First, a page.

The Parable of the Mouse Hole

Once upon a time there was a family. A hard working, well behaved family, who moved into a nice apartment in a good, if not wealthy, part of town.

Every morning the kids went off to school well fed upon a breakfast of cereal and milk - a breakfast the mother had lovingly set before them. Then Mom and Dad each got busy with their respective responsibilities, working hard always with a mind focused on the wellbeing of the family as a whole, and the future of the children in particular.

This went on for some years as the children grew. But all was not right. The neighborhood itself started to go downhill. Land owners -- including this family's landlord -- seemed to stop caring. Paint started to peel, roofs to leak, lawn and gardens to become overcome, first with weeds, than with trash.

Mom and Dad soldiered on. The kids did too, but all was not as it was. Dad, who had held one steady job for years suddenly found himself jobless. He quickly sought another but could find nothing that paid as well as the old one.  Mom, too, started looking for work outside the home. This was needed to make ends meet.

Getting to school safely started to become difficult for the children and the atmosphere in the classroom -- once a place of quiet, serious, teaching -- changed to one of noise and strife. Homework became mere exercises, and the children sensing this, and with minds focused elsewhere, started to do less well in their studies. 

Still, month in, month out, the family soldiered on.  Then it happened. It wouldn't seem like much to an outsider. Nothing worthy of a headline. But for this family this little event -- caused by a few little mice -- changed everything.

Mom had gotten used to the peeling paint, the chipped sink and the dripping faucet. But one morning when she went to the cabinet to get the children's cereal she found the box had been chewed through by some mice, and the cereal was spread out on the cabinet shelf mixed with chewed cardboard and mouse droppings.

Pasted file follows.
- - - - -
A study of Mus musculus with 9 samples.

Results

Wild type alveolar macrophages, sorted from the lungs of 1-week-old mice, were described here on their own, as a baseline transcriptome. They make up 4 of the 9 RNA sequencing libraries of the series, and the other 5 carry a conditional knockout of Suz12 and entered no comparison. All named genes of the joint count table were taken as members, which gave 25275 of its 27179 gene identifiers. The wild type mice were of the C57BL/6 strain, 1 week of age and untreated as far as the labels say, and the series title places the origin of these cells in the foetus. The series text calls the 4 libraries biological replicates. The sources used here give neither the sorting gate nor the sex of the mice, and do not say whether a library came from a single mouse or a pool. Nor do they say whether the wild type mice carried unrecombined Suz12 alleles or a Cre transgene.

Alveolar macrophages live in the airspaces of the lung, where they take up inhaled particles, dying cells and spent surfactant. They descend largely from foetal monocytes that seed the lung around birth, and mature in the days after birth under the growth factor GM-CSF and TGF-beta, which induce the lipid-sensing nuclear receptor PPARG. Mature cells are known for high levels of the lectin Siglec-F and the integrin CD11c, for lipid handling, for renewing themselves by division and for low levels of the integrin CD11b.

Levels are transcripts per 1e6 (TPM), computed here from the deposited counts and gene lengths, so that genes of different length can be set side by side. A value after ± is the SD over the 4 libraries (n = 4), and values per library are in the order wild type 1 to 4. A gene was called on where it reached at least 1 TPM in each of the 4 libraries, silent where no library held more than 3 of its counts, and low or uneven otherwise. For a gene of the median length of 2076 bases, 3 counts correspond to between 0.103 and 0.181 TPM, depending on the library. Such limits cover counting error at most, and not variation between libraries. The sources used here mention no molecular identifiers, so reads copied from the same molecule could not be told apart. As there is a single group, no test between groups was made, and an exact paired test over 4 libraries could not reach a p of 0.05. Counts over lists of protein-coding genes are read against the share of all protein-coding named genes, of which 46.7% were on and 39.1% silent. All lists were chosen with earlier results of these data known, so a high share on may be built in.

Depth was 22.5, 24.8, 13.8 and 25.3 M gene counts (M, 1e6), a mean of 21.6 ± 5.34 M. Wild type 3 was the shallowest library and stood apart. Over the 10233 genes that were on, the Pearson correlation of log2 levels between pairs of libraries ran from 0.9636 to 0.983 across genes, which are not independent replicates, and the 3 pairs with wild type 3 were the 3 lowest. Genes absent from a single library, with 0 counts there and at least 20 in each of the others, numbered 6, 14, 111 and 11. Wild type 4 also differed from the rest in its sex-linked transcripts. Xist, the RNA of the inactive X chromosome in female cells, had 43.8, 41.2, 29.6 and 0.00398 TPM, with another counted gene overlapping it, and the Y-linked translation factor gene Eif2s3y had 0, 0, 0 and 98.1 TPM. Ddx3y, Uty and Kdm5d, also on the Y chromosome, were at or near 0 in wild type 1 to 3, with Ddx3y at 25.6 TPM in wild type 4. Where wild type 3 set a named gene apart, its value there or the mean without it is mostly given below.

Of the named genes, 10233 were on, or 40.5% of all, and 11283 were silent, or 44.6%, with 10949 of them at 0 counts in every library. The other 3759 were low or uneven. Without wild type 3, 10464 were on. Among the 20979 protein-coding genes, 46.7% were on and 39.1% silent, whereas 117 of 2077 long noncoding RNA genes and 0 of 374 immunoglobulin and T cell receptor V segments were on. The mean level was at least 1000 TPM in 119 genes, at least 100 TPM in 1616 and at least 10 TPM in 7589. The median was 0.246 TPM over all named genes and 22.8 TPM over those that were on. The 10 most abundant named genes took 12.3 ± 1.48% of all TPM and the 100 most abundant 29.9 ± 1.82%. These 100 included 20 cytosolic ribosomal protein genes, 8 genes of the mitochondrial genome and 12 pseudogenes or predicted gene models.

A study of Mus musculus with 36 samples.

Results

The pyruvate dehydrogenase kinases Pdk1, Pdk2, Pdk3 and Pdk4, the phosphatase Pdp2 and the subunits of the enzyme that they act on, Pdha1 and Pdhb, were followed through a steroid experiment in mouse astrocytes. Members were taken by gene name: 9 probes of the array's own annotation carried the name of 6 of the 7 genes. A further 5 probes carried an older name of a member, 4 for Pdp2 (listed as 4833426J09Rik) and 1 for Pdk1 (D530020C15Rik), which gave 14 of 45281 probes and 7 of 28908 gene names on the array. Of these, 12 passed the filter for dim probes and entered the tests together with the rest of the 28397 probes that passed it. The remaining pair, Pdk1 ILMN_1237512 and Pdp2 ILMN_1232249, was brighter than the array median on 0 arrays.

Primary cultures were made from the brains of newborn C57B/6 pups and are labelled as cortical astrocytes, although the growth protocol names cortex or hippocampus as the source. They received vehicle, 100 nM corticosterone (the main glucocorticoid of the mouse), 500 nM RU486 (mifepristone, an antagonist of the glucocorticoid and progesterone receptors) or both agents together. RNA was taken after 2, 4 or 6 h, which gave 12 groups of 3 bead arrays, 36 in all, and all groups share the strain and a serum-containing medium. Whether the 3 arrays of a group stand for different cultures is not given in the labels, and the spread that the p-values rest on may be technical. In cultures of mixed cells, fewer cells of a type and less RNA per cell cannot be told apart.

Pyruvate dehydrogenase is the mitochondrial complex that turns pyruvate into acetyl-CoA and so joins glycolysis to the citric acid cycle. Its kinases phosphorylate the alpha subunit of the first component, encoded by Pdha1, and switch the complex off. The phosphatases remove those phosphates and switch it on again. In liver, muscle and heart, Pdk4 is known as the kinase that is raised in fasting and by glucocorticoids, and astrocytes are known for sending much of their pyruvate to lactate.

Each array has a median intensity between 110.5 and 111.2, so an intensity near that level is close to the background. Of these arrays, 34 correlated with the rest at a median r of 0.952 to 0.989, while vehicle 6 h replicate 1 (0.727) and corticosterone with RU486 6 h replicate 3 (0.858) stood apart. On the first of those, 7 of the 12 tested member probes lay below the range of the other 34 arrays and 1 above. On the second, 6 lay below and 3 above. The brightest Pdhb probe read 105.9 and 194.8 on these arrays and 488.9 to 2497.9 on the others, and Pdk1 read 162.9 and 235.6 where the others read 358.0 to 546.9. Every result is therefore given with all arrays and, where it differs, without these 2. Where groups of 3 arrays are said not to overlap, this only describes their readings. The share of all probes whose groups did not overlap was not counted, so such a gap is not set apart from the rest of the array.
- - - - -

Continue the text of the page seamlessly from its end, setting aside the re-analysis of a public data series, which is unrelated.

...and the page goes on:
That morning the children went to school with no breakfast. And the next. And the next.

Complaints about the mouse infestation started to spread throughout the building. The landlord promised change but the change never came.  Families who could move away did. Others, with nowhere else to go, suffered in silence. 

With family breakfast no longer part of their lives the children each started going off on their own. Mom and Dad started to lose hope too, and conversation slowly ceased. Where once there had been a hard working happy family -- a household filled with joy, hope and promise -- now there was only sullen quiet and sometimes anger; a family adrift. Just one more among many such families in a neighborhood that suddenly saw itself with no future.

The landlord himself rarely showed except, of course, when rent was late. He himself had long ago moved elsewhere.

Then one day there was a knock on the door. Standing there was a bold and brash man in a bright suit jacket. "I'm going to make this neighborhood great again" he proclaimed.  And when invited in he looked around and told the people that he would never live like this. He was a rich and powerful man. And that if they'd support him in his attempt to take over the building and the neighborhood all would again be wonderful.

"But what do you plan to do?" asked the husband. The man in the bright suit jacket gestured broadly, walked across the room, and pointed to a hole in the baseboard. "Close this in!" he proclaimed. "Then the apartment will be sound again!" "Are not mice eating the food? Your food. Food you worked for. Food that should be feeding your children!"  "Yes" said Mom and Dad, thankful that finally someone was going to make things right again. "That is where and when every started going badly" they thought to themselves, "with the intrusion of the mice!" It was all no suddenly so clear.

And so a campaign started and more and more people got behind it. "Make the neighborhood great again!" "Chase away the mice!" "Fill in the mouse holes!"  For the first time in years the family, and many of their neighbors, had become believers.

How does our parable end?

We don't know yet.  But the mice will be going. That he promises.